IoT Startup Greenbox Aims To Become Nest For The Garden

It’s starting to feel like the Internet of Things (IoT) train is finally leaving the station, as more and more household appliances become Internet-connected with a smartphone app providing the User Interface/remote controller.

We’ve seen the likes of Nest attempt to make the humble thermostat smart (alongside European rivals such as Tado), and more recently it’s doing the same for the smoke detector.

Taking cues from the same IoT playbook is Israeli startup Greenbox with its “cloud-connected smart irrigation system” (that’s a sprinkler controller to you and I). Pegged for a December launch but now available for preorder, the company is pitching itself as ‘Nest for the garden’.

Greenbox_iPhone5C_blueBacked by $250,000 of funding from Kima Ventures after a failed Kickstarter campaign, the premise of Greenbox is a familiar story in the connected home space. It’s set out to bring the garden sprinkler kicking and screaming into the Internet age, replacing what is either a “dumb” device or one that, whilst Internet-connected, is crippled by a clunky User Experience.

“Current irrigation controllers are outdated, extremely unintuitive and frustrating to use,” says Greenbox co-founder and CEO Eyal Dior. “Plus, they are not connected to weather data, so when it rains the controller will continue to water unless you speed to shut if off. When you have a sunnier day than expected, the controller will fail to water unless you rush to turn it on”.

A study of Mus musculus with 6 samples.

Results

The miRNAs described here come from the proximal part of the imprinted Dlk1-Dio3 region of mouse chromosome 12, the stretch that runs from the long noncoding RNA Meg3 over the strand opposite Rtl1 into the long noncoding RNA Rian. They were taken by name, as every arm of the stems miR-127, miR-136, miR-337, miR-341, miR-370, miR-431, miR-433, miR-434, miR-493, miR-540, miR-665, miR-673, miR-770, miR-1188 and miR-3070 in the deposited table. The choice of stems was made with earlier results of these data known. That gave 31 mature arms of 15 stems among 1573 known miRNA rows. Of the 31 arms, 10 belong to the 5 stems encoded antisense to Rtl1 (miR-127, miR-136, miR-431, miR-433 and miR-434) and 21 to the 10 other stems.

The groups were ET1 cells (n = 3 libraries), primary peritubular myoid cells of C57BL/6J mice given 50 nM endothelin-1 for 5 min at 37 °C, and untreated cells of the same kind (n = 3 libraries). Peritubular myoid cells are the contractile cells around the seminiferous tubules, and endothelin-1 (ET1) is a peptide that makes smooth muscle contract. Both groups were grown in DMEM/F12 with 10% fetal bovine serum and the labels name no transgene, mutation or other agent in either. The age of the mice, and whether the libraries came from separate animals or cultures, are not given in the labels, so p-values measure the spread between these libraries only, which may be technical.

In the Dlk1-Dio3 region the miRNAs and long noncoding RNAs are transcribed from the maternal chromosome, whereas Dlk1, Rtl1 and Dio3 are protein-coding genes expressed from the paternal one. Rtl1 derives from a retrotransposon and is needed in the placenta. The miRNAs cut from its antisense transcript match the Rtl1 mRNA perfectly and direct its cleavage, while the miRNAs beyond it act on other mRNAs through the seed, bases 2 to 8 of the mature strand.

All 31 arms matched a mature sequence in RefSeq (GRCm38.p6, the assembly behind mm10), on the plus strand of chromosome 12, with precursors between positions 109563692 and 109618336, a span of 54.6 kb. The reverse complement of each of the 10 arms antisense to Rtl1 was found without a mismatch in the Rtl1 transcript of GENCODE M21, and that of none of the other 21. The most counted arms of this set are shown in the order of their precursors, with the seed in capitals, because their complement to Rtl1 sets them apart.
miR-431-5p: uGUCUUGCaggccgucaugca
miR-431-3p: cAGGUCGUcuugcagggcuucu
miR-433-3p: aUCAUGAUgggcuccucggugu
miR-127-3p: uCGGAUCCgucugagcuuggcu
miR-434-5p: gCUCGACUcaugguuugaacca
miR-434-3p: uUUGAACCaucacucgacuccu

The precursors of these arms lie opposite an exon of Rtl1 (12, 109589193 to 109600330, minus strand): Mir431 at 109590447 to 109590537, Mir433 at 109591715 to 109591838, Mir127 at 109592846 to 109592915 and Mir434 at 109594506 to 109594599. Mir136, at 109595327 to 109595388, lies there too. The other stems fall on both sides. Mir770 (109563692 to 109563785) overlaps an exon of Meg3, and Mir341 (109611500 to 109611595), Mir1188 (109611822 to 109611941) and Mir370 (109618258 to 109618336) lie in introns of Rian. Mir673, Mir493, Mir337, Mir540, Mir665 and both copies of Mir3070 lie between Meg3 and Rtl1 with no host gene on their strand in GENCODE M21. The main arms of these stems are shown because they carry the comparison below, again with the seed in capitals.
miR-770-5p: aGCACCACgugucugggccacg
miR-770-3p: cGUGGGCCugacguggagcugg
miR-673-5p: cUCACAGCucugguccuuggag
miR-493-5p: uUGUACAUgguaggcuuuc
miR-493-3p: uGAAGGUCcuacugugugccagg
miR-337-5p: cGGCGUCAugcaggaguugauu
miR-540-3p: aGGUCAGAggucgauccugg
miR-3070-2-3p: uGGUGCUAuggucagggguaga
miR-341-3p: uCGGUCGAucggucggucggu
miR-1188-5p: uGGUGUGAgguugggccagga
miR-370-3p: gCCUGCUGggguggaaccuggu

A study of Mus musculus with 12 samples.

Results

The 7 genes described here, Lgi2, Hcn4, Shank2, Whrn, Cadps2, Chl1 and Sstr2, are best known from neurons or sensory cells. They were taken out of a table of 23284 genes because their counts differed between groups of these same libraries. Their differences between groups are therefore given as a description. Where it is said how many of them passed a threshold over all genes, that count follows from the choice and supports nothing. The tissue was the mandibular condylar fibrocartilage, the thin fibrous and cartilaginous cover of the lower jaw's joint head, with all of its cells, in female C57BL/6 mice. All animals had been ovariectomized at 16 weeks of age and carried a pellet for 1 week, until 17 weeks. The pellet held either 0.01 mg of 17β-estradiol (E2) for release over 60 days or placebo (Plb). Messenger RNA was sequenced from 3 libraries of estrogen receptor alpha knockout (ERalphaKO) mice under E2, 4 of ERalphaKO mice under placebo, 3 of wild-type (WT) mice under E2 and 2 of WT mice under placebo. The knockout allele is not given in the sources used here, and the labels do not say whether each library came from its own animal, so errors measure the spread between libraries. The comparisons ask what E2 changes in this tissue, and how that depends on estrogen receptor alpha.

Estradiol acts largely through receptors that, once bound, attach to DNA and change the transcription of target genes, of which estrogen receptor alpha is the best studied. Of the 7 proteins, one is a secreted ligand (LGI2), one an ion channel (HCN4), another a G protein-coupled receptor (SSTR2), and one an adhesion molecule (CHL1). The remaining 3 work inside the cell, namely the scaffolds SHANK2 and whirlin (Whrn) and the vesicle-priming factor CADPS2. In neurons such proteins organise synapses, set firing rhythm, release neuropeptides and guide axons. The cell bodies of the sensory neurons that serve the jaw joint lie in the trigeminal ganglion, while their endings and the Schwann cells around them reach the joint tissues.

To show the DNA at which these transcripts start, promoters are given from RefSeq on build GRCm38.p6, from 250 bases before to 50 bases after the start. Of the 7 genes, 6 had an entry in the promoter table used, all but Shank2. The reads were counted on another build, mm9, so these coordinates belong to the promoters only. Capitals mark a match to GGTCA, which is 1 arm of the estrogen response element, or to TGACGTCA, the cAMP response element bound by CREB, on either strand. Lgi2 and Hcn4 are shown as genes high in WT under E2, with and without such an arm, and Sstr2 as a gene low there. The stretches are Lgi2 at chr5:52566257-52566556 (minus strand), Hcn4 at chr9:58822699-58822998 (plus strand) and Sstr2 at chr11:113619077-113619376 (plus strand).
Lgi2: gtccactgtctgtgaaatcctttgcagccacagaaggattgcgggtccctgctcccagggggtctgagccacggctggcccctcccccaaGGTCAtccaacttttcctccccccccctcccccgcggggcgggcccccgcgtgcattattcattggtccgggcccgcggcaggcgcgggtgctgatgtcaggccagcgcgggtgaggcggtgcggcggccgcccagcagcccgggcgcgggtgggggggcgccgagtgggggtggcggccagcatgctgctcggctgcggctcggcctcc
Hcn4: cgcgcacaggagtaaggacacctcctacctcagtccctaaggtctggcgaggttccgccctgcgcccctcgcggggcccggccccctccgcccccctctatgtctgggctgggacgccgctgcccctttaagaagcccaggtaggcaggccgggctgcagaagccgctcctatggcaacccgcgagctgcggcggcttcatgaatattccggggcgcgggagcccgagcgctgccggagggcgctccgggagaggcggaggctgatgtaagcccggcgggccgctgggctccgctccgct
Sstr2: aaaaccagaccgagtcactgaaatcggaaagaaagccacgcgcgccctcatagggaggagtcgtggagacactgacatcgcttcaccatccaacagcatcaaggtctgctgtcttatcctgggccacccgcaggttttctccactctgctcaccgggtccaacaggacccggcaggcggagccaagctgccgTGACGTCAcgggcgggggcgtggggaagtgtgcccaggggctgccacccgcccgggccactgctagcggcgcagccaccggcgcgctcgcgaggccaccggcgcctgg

Not only does this mean that a garden doesn’t automatically receive the irrigation it needs, but there’s a lot of water wastage in the process. And in turn, unnecessary expense. To solve this problem, Greenbox, via its cloud-connectivity, is powered by location-based weather data. In addition, and taking a page straight out of Nest’s book, it’s self-learning, resulting in a claimed “up to 50%” reduction in water consumption.

“Greenbox has a simple interface with remote access,” says Dior. “It programs itself based on weather. It learns and improves over time, conserves water, saves money, and above all it will have a fun UX made for real people.” That UX, he notes, comes courtesy of modern and ubiquitous smartphone platforms like iOS. “Since the advent of the smartphone, home automation technology is booming indoors and accessible to the masses. The same need for automation exists in the yard,” he adds.

Greenbox’s business model is straightforward. It makes money directly from the sale of the physical Greenbox controllers, with the smartphone app being free and sans-subscription fees for the underlying cloud service. The company is currently offering an early-bird price of $219. Competitors to Greenbox include Cyber-rain, Rain Machine, and Weathermatic.